Meghan Markle will be forced to use a new surname once "Megxit" takes into effect. At the end of this month, the Duchess of Sussex will officially be out of the royal family and will be living as an independent yet ordinary member of the community.
Will She Be Meghan Sussex?
The Duchess of Sussex has always been known as Meghan Markle, but she may don another royal surname as part of the terms included in the "Megxit" agreement. As she embarks on a new independent life starting March 31, what are her options for a surname then?
Meghan may opt to use the surname that Prince Philip and Queen Elizabeth have chosen to pass on to their descendants in 1952. Traditionally, members of the royal family use their royal titles as their surname. However, if required to put on a surname, the male heirs of the royal family can use Mountbatten-Windsor.
When Meghan and Harry decided to make Prince Archie use this surname, everyone was saying what a touching tribute it was for the Duke of Edinburg. Now, Meghan could match her son after "Megxit."
She could be known as Meghan Mountbatten-Windsor. Harry, on the other hand, will be known as Harry Wales, taking after his father's house name.
Meghan Markle used the surname Sussex when she married Prince Harry in a memorable ceremony at St. George's Chapel in Windsor. In May 2018, Meghan officially became the Duchess of Sussex.
However, the former "Suits" actress may have to take on a new surname after she and Harry agreed that they could no longer use their royal titles to represent themselves in official business dealings.
The Long History Behind Mountbatten-Windsor
The members of the royal family are not new to change their surnames. In fact, they were forced to renounce their surnames during World War I when the country was at war with Germany.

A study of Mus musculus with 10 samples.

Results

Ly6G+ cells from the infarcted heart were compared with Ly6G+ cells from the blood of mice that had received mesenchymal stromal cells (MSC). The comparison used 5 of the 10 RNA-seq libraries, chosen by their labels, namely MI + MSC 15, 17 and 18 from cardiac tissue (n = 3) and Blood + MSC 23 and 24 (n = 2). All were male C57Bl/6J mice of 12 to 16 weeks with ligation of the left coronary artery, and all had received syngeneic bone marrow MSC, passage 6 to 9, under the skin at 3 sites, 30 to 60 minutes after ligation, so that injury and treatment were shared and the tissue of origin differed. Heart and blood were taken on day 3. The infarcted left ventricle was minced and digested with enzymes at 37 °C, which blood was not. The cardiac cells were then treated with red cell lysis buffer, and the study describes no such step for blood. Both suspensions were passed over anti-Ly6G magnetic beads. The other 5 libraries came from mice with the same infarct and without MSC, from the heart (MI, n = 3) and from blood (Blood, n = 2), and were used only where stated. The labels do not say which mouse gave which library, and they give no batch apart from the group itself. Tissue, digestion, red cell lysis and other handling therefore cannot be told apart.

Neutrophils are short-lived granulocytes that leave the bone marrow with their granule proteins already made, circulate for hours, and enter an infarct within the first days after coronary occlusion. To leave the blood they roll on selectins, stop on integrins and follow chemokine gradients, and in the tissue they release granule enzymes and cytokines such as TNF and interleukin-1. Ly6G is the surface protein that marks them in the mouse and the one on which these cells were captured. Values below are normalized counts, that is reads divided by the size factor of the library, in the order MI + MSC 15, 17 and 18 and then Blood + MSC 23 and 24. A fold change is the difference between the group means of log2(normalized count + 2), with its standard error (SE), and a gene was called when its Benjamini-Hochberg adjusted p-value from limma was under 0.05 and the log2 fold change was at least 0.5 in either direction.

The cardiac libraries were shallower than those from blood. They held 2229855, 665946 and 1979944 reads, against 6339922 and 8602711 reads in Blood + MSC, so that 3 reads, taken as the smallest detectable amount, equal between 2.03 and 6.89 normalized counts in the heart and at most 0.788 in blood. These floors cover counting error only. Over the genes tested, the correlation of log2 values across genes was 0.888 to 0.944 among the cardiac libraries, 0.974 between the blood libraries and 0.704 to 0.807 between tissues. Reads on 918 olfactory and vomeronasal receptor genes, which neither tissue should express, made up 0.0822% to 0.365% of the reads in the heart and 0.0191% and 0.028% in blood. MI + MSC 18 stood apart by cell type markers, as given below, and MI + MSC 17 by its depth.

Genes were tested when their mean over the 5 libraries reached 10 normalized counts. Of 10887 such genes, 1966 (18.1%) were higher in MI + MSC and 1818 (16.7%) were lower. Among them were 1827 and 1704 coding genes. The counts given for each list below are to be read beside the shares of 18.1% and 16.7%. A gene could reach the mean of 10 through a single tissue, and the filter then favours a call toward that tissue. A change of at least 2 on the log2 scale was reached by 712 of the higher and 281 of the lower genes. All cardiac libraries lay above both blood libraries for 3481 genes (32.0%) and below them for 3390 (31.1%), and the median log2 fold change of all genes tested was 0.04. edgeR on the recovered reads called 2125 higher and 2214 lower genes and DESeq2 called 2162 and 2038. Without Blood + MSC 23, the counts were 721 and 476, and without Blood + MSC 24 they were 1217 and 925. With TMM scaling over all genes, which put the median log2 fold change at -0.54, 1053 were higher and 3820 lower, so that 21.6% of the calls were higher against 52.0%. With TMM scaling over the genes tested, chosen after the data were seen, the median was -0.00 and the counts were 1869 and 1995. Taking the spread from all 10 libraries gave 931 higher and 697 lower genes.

King George V took on Windsor as it was his favorite residence. In 1947, when Prince Philip and Queen Elizabeth II got married, he renounced his Danish and Greek royal titles to become a naturalized citizen of the U.K. He went for the surname, Mountbatten.
They had a lengthy and tedious fight as to which royal surname should be passed on to the children of the next generation. The Duke of Edinburgh was fighting for his right to give his children his surname.
As soon as Queen Elizabeth inherited the throne in 1952, she decided that the members of the royal family would take on Windsor and not Mountbatten.
This, according to historians, had angered Prince Philip that he came to a point and told the Queen that he was the only man in England who could not give his children his surname. It caused a huge rift between the couple.
However, in 1960, the Queen agreed to give him a concession. In a decree, she directed that the descendants of the royal family will take after the surname Mountbatten-Windsor. This move has appeased the Duke of Edinburgh.
To this day, the members of the royal family that came after the line of Queen Elizabeth II and Prince Philip will take on the family surname.